Sent: Mon, May 31, 2010 5:02:32 PMMy main point was, and still is, that Apple gained market share by physically compressing computers into 2+ε dimensions, i.e., flat and very thin. The 2 dimensions refers to the screen area while ε refers to the thickness or thinness, more accurately. The trend is to make ε as close to zero as physically possible thereby making it very difficult for Apple's competition to follow suit without a corresponding loss of functional quality. Steve Jobs' dream.
Subject: Why Jobs has been vindicated on quality
Observation: Jobs has finally been vindicated on his stand over high quality (and premium price, although not as premium as it used to be). Why?
Theory: Jobs has made the computer 2-dimensional.
Data: From the earliest days of the Mac, Jobs preached quality (there's even a video clip with him slagging Gates for failing to understood quality). For 2 decades Jobs was proven wrong, in the sense that customers were not willing to pay a premium for quality, so Apple never garnered more than 4-5% of the PC market.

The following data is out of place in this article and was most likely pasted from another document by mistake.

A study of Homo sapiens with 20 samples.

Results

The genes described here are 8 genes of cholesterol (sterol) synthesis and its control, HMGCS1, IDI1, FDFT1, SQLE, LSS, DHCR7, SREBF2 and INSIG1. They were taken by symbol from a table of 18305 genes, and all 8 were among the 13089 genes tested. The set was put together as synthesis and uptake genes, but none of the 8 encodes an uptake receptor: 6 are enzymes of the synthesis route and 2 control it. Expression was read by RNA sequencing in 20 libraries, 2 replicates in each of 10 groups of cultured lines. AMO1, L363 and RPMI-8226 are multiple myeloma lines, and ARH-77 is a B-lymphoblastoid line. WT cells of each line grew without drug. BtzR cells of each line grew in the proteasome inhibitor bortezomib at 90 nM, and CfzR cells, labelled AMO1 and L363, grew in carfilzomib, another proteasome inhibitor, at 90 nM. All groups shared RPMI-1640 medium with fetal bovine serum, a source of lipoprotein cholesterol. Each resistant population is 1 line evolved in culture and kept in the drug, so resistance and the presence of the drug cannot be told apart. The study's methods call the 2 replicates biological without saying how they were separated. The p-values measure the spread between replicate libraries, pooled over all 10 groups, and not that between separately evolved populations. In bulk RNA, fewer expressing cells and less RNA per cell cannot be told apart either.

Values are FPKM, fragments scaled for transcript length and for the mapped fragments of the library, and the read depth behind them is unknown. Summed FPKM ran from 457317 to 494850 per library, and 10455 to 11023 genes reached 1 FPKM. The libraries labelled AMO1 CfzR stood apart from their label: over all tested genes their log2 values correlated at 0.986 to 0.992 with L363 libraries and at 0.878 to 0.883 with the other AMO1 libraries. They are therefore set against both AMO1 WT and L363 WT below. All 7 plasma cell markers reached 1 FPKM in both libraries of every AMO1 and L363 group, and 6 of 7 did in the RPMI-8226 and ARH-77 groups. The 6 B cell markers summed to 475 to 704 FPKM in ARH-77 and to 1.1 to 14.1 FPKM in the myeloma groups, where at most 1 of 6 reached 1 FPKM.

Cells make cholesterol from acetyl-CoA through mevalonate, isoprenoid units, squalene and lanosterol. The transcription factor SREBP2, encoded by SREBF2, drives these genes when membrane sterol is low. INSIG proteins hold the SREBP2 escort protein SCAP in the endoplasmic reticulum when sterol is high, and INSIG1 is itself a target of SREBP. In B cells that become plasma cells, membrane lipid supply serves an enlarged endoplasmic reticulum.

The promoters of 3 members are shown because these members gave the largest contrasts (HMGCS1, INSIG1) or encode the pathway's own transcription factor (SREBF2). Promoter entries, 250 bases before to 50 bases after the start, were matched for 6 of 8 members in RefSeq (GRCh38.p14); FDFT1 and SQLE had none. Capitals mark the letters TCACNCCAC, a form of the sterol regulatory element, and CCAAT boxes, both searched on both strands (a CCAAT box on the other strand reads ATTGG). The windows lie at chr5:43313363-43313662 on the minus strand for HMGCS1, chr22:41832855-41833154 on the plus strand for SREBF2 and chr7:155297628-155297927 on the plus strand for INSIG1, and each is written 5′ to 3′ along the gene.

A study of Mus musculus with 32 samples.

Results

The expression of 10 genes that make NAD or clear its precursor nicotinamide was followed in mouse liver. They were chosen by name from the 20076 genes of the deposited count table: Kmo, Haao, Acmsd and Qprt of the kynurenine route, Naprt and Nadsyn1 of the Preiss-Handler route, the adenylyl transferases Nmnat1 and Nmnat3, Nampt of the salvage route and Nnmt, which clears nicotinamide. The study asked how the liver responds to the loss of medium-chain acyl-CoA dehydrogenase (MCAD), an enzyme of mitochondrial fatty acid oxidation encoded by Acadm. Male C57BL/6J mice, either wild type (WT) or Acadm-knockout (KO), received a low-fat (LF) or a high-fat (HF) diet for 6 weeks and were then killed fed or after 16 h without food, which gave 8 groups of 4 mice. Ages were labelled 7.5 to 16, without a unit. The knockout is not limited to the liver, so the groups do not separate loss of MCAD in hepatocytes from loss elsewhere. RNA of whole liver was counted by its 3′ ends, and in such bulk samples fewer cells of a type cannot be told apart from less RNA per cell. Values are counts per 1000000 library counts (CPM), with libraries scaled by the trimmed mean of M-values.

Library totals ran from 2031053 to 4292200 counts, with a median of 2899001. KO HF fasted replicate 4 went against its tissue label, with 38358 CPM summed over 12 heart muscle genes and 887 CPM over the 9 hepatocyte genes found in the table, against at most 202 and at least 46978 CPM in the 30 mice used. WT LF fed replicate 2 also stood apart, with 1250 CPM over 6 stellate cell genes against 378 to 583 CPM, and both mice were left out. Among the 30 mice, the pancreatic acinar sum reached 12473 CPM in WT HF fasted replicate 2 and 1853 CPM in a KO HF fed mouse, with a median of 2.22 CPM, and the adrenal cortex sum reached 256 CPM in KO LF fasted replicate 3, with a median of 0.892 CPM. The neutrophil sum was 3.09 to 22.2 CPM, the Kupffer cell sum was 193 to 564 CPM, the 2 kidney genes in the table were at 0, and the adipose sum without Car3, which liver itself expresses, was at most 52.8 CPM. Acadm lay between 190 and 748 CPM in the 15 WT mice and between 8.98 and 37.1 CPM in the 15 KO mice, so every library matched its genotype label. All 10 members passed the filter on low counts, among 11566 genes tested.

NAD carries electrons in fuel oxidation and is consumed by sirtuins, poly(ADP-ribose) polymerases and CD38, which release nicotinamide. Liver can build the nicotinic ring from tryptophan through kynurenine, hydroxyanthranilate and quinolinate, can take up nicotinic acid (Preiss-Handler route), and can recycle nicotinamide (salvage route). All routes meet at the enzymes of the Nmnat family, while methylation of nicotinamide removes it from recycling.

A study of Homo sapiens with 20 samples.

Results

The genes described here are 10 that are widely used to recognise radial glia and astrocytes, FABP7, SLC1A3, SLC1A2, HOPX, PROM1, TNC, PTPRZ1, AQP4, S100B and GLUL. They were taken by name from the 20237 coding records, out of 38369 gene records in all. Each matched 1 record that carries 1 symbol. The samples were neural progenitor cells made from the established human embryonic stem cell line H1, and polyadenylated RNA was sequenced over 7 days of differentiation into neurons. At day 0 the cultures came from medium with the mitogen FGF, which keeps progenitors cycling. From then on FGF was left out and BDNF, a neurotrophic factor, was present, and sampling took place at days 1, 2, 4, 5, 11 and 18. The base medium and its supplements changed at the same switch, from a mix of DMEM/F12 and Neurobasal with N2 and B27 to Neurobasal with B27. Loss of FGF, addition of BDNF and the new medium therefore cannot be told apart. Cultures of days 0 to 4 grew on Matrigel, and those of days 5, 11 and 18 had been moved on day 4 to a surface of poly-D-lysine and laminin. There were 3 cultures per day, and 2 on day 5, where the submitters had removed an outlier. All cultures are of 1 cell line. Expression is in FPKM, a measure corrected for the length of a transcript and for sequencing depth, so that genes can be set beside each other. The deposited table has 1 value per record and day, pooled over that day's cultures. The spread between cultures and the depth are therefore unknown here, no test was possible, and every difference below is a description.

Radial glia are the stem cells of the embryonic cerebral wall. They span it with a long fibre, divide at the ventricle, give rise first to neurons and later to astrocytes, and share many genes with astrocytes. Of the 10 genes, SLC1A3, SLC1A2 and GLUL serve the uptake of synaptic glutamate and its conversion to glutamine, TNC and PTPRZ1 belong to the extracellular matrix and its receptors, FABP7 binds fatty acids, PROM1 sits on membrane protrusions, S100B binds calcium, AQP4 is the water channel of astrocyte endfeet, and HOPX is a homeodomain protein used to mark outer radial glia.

With the migration from Mac OS to Mac OS X and the arrival of the ipod/iphone, that's all changed. The Macbook presence has blossomed overnight. Almost everyone in my recent GCaP class had a Macbook. And the iPad is selling like hotcakes (2 million since launch, according to Apple).
So, Apple now has a common, clean, universal OS on the S/W side and a convergent touch-based interface on the H/W side. As I said before, the keyboard is all but dead and netbooks are history. Just give it a while.
But the clincher is this. Other than the Mac Pro (tower) and Xserve, all Apple products are 2+ε dimensional. Even the Pro and Xserver could be made more blade-like, but Apple's focus is on commodity computing at the moment.
The main thing that distinguishes all Apple commodity computers from each another is their area, not their volume. (i.e., screen area)
I'm taking it as read that the iPod, iPad and iPhone are computers. I've stated elsewhere that, in my view, Jobs was really the first person to have this vision of quality commodity computing and execute it.
He got there by going to 2+ε dimensions.
The latest example of this trend is the iPad Air, which is half as thin again (7.5 mm) as the first generation iPad (13 mm).
More evidence for this conclusion comes from the "flat" icons that appeared with the release of iOS 7. See How Flat Design Is Preparing iOS For The Gadgets Of Tomorrow for more about this development. Flat icons will be very important for devices that are not only extremely thin but also flexible.